Sunday January 19, 2020

Fish during pregnancy may protect baby from asthma

Fish during pregnancy may protect baby from asthma

New York, Oct 3: Women who consume fish during pregnancy are just as likley to protect their offspring from developing asthma as those who consume fish oil supplements, suggests a new study.

Pregnant women who consume high doses of omega-3 fatty acids in the third trimester may help protect their kids from developing breathing problems in their early childhood, according to the study.

“With almost equal to slightly higher cost, consuming 8-12 ounces (2-3 servings) of fish with low mercury levels a week not only may attain the same asthma protection, but also strengthen the nutritional benefits to infant growth and development,” said Richard Lockey, Professor at the University of South Florida in the US.

The study, published in the Journal of Allergy and Clinical Immunology: In Practice, was conducted in three groups of women in their third trimester.

The first group consumed omega-3 fatty acids from fish oil daily while the second group took a placebo. The third group was named the “no oil” group who were allowed to consume either fish or fish oil supplements as per their choices.

The researchers found that the children in the fish oil and the “no oil” groups took less asthma medication as they aged to 24 years old, inferring both groups developed less asthma.

“Omega-3 fatty acids cannot be synthesised by humans and therefore are essential nutrients which are derived exclusively from marine sources,” said iChen Hsing Lin from the University of South Florida.(IANS)


Caution should be taken in promoting the use of flavoured e-cigarettes to patients with respiratory disease such as asthma and that policy makers should consider restricting the use of flavoured e-cigarettes

The use of E-Cigarettes has dramatically increased in the past few years, especially among younger smokers globally. Pixabay

Certain flavoured E-Cigarettes, even without nicotine, may change how airways, affected by an allergic disease, function, thus worsening the severity of diseases such as asthma, say researchers.

For the first time, a model of asthma was used to investigate the effect of a range of popular e-cigarette flavours, with and without nicotine.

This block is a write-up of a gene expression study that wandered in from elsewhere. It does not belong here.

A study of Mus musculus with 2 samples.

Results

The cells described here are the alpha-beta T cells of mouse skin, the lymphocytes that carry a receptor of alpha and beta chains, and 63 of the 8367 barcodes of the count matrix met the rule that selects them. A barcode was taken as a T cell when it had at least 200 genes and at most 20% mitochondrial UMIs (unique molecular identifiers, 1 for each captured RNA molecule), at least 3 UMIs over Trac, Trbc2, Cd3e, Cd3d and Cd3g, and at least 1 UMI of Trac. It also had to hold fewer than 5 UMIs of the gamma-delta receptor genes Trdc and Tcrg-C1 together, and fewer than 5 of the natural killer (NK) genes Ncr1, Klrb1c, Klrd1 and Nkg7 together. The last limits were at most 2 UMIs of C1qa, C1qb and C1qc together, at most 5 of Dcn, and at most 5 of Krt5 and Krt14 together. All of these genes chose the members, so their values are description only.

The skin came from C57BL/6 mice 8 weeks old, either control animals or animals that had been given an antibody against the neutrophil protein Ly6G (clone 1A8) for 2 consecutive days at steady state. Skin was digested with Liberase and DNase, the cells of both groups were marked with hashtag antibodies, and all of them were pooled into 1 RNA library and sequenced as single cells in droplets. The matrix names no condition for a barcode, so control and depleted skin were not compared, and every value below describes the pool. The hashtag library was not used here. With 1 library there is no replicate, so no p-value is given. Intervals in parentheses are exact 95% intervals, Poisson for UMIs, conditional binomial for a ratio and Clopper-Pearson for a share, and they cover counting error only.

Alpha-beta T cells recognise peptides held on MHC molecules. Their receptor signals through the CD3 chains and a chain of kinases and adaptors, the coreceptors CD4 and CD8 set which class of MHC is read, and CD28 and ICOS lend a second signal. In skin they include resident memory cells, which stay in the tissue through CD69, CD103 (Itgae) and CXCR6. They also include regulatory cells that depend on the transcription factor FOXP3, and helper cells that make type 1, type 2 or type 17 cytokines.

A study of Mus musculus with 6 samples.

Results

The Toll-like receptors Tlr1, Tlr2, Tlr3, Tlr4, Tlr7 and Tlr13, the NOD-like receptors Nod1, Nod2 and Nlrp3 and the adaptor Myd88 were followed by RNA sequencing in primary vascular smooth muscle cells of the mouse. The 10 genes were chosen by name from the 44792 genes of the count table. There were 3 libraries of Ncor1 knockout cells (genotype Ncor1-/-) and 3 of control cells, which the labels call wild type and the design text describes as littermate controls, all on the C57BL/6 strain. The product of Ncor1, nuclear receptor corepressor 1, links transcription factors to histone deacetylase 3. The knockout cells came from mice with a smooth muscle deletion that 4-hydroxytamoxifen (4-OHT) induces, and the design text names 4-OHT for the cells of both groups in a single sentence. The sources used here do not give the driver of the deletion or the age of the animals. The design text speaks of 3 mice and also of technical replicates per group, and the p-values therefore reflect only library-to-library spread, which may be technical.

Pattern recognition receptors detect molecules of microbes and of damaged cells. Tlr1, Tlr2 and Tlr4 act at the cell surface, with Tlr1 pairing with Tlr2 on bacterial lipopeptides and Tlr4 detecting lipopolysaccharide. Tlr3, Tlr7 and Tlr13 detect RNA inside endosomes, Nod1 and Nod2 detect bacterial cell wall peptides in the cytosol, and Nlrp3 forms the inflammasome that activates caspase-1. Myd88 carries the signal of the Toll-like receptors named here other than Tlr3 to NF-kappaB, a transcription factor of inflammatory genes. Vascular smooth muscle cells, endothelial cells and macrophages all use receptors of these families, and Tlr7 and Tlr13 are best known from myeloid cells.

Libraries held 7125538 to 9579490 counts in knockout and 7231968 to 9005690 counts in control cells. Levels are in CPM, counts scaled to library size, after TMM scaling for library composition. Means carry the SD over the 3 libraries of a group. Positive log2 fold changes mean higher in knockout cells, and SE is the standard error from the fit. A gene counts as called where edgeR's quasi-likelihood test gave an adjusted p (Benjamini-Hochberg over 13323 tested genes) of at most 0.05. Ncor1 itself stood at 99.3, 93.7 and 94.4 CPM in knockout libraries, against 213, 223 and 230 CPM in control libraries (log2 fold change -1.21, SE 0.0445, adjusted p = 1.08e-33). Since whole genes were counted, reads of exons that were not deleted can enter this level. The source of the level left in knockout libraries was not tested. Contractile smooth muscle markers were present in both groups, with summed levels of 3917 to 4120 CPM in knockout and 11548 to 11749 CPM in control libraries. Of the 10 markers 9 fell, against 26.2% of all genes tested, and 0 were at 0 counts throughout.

“This is especially important for those with respiratory disease, whom are vulnerable to the effects of smoking,” Dr Chapman said.

“The majority of e-cigarette smokers use flavoured liquids but there is some evidence that flavour additives can be toxic when inhaled,” said Dr David Chapman from from the University of Technology Sydney (UTS).

The use of e-cigarettes has dramatically increased in the past few years, especially among younger smokers globally.

Despite the suggestion they are a healthier alternative to tobacco cigarettes, there is a lack of evidence in both animal studies and human data on the effect of e-cigarettes on lung function.

The researchers found that some flavoured e-cigarettes, even in the absence of nicotine, can worsen disease severity.

“The exact effects on features of asthma were dependent upon the specific flavour, suggesting not all flavoured e-cigarettes will have the same consequences on lung health,” Dr Chapman said in the study published in Scientific Reports.

E-Cigarettes
Certain flavoured E-Cigarettes, even without nicotine, may change how airways, affected by an allergic disease, function, thus worsening the severity of diseases such as asthma, say researchers. Pixabay

In this study, the flavour Black Licorice exaggerated airway inflammation whereas Cinnacide had the opposite effect, suppressing airway inflammation.

The researchers didn’t analyse the liquids directly, to confirm what they contained, however there is evidence from previous research that flavours categorised as “buttery/creamy” and “cinnamon”, which likely include “Banana Pudding” and “Cinnacide”, respectively, are toxic.